The hall was ready. The crimson roses were on the podium. The crowds - mostly students, teachers, pensioners, workers - were cramming the aisles.
All that was missing was the star attraction, the erstwhile Soviet leader Mikhail Gorbachev.
Then, as he swept in an hour late, the lyrics on the tannoy could not have more aptly summed up his dilemma: “It must have been love, but it is over now.”
These were not surroundings to which the architect of “glasnost” and “perestroika,” Time’s former Man of the Decade, dragon-slayer of the dreaded Party, was accustomed during his years on the world stage, when the only better known leader on the planet was Ronald Reagan.
Here he was, campaigning like any other workaday politician in a clapped-out old civic building in the provinces - on this occasion, in the semiautonomous republic of Tatarstan.
Russian politicians have a patchy record in this place with its 3 million Russians and Tatars, descended from Genghis Khan. (Ivan the Terrible set the tone by flattening the city in 1552, in revenge for the Tatar invasion.)
But on this, his first shot at running for office through the ballot box, the 65-year-old Gorbachev was looking remarkably relaxed.
It was not always thus. Over the last few months his baffling campaign for the Russian presidency has been interspersed with humiliating moments. He has been spat on, jeered at, and karate-chopped on the head by an angry onlooker (an incident which he made even more ridiculous by describing it was a premeditated attempt on his life).
During a swing through St. Petersburg, local officials scuppered his plans to visit three factories, claiming that they were closed to visitors.
On a Victory Day visit to Volgograd last month, he was greeted with shouts of “traitor” as he wandered beneath the giant statue of Mother Russia that towers over the city from a hilltop.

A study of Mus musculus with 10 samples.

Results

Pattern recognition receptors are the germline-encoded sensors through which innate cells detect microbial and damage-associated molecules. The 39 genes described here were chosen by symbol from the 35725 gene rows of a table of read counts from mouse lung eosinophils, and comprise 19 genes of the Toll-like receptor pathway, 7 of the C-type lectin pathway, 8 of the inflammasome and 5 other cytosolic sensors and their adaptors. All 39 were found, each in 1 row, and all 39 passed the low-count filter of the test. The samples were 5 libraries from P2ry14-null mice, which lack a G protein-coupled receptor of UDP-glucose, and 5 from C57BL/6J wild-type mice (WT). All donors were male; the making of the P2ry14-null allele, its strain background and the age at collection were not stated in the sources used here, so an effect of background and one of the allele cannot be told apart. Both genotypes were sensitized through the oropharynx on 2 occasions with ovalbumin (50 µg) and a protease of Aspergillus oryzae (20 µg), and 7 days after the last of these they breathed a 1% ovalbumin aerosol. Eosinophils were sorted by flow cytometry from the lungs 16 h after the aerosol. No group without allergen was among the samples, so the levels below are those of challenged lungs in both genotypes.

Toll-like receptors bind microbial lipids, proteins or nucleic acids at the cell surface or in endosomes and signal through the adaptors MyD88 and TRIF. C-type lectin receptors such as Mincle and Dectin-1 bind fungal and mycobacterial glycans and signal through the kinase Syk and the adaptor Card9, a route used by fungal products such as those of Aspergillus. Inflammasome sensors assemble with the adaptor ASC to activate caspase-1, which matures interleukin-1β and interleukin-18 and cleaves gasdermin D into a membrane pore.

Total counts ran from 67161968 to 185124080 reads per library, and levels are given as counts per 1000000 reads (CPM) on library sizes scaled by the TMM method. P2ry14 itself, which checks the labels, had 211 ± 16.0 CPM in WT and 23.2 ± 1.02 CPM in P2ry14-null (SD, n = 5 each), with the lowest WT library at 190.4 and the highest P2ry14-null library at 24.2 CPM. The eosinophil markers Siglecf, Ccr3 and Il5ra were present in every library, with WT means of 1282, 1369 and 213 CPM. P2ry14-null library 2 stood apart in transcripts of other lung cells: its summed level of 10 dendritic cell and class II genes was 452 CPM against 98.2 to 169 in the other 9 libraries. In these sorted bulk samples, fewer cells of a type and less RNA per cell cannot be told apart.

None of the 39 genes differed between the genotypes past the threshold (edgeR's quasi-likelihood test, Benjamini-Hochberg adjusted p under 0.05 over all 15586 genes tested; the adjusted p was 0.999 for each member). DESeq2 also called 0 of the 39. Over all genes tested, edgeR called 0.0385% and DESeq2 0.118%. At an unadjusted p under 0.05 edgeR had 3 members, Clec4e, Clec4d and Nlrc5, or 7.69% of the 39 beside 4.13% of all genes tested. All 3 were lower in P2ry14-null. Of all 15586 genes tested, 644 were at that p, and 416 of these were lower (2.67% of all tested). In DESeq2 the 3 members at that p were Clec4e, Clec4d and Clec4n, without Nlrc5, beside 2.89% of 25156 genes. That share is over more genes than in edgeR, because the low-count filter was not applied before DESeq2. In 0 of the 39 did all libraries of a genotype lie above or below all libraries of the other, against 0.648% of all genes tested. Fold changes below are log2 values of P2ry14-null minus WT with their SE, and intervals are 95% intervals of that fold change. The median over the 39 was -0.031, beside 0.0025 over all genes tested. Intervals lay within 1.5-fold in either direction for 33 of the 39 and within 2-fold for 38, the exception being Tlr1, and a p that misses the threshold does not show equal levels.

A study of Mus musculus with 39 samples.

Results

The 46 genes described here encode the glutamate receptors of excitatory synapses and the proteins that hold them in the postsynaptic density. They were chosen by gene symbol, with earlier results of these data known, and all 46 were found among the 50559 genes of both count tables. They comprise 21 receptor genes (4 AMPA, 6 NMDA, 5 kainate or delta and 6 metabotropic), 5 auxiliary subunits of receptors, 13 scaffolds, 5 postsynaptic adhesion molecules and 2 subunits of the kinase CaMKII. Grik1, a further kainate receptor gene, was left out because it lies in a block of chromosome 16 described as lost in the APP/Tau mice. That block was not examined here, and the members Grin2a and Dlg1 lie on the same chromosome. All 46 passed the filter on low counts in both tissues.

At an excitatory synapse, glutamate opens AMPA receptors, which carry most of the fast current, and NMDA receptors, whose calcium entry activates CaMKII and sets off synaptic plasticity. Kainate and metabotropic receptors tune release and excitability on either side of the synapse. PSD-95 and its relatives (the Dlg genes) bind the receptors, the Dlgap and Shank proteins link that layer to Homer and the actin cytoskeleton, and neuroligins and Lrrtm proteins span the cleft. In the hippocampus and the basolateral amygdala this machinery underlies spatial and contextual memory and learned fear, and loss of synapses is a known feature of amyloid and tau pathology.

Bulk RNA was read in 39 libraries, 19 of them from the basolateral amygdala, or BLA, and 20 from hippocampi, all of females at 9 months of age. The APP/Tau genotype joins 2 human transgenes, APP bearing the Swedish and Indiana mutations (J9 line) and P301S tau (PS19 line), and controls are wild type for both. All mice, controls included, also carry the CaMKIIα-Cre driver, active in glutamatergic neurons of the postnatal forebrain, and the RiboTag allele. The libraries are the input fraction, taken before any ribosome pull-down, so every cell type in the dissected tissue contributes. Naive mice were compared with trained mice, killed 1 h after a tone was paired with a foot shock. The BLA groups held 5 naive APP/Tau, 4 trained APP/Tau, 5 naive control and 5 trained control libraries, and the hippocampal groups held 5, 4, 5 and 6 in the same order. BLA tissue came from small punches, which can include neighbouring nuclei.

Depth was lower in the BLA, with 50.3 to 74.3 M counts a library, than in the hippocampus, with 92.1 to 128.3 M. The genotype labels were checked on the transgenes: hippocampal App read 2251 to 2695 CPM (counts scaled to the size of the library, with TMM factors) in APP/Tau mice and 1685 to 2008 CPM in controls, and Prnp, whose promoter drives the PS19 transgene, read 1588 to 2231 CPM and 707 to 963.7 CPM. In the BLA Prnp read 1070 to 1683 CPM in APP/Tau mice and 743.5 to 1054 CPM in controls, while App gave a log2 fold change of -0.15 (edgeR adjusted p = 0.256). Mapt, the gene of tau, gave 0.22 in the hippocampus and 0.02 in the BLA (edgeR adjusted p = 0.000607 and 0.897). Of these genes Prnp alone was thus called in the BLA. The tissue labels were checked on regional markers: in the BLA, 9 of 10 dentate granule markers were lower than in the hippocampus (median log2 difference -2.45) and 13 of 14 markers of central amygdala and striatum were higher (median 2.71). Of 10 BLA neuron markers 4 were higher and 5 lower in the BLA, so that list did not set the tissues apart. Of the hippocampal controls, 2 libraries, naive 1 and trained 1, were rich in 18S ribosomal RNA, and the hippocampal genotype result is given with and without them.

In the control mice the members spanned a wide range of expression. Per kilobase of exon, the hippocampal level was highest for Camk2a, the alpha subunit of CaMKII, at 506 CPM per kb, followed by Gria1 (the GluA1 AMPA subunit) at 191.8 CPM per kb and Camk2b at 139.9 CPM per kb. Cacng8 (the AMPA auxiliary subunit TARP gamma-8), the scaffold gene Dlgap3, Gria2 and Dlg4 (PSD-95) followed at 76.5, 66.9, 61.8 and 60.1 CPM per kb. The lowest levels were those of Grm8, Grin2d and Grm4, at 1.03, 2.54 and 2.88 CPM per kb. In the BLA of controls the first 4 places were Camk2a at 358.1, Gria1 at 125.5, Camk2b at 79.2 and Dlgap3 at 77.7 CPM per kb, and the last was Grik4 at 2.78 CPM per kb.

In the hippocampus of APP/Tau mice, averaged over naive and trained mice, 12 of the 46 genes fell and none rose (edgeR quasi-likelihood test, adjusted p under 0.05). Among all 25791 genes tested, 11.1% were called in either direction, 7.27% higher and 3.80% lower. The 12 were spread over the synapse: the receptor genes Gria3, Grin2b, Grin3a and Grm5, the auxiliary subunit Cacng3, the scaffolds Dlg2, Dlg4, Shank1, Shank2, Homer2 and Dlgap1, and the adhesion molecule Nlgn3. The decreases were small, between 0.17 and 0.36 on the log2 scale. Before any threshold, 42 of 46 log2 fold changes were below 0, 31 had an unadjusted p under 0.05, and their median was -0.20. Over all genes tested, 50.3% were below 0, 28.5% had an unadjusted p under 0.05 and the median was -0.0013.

Worse, he ran into Viktor Anpilov, the leader of the small Stalinist Party, Working Russia, who tried to force a bunch of flowers upon his wife, Raisa. When she turned them down, a delighted Anpilov proceeded to mock the Gorbachevs as rude ingrates in front of the press.
But these moments have been incidental irritations, and are the exception rather than the rule.
True, many Communists will never forgive him for the destruction of the Party and the Soviet empire. And true, many supporters of market reforms blame him for failing to finish the job, plunging Russia into economic chaos, and worsening living standards.
Others still resent his candidacy, believing it will split the anti-Communist vote.
Yet, for the most part, those who gather to listen to Mikhail Gorbachev are more often curious than hostile. “You have to agree that he has left his mark on history,” said Rudi, after watching him arrive in Kazan. “One simply can’t be indifferent to him.”
But nor can one stop wondering why he has embarked on this lonely odyssey around a huge slice of the land that he once governed, being greeted more often than not by embarrassed local officials and lukewarm applause.
Although he disputes the polls, most of which show him with a miserable rating of around one percent, even he would agree that he stands not a snowball’s chance in hell of winning.
His wife admits she tried to talk him out of running, so have some of his friends. Yet on he plods, the Ancient Mariner of Russian politics, compelled to tell his story, desperate to avoid the worst fate that can befall any politician - obscurity.
“People seem to have forgotten Gorbachev,” he said recently; his campaign for the presidency would be a “breakthrough from oblivion.”
His main platform is face-to-face, arguing his case in a slow, mild-mannered, occasionally witty, often painfully long-winded, way in front of his former subjects out in the heart of Russia.
Here he is away from the cruel intelligentsia of Moscow and St. Petersburg, amid friendly folk - many of whom are pleased to see him merely because he is a celebrity.
His message is much the same wherever he goes. Russia faces a Hobson’s Choice, he explained to the audience in Kazan. It has to choose between Yeltsin, “a disaster” who is responsible for “destroying science, education, and culture,” and the Communist leader, Gennady Zyuganov, who is no better.
“The people around Zyuganov are the ones who poked their sticks into the wheels of reform during perestroika, who cobbled together the 1991 coup, producing terrible results.”
The audience seemed sympathetic, but unconvinced. “I didn’t learn anything new,” said Yevgeny Shukin, as he stepped out into the evening sunshine afterwards.
“He undertook reform. He didn’t finish it properly. He’s a good man, but the country needs a tough man.”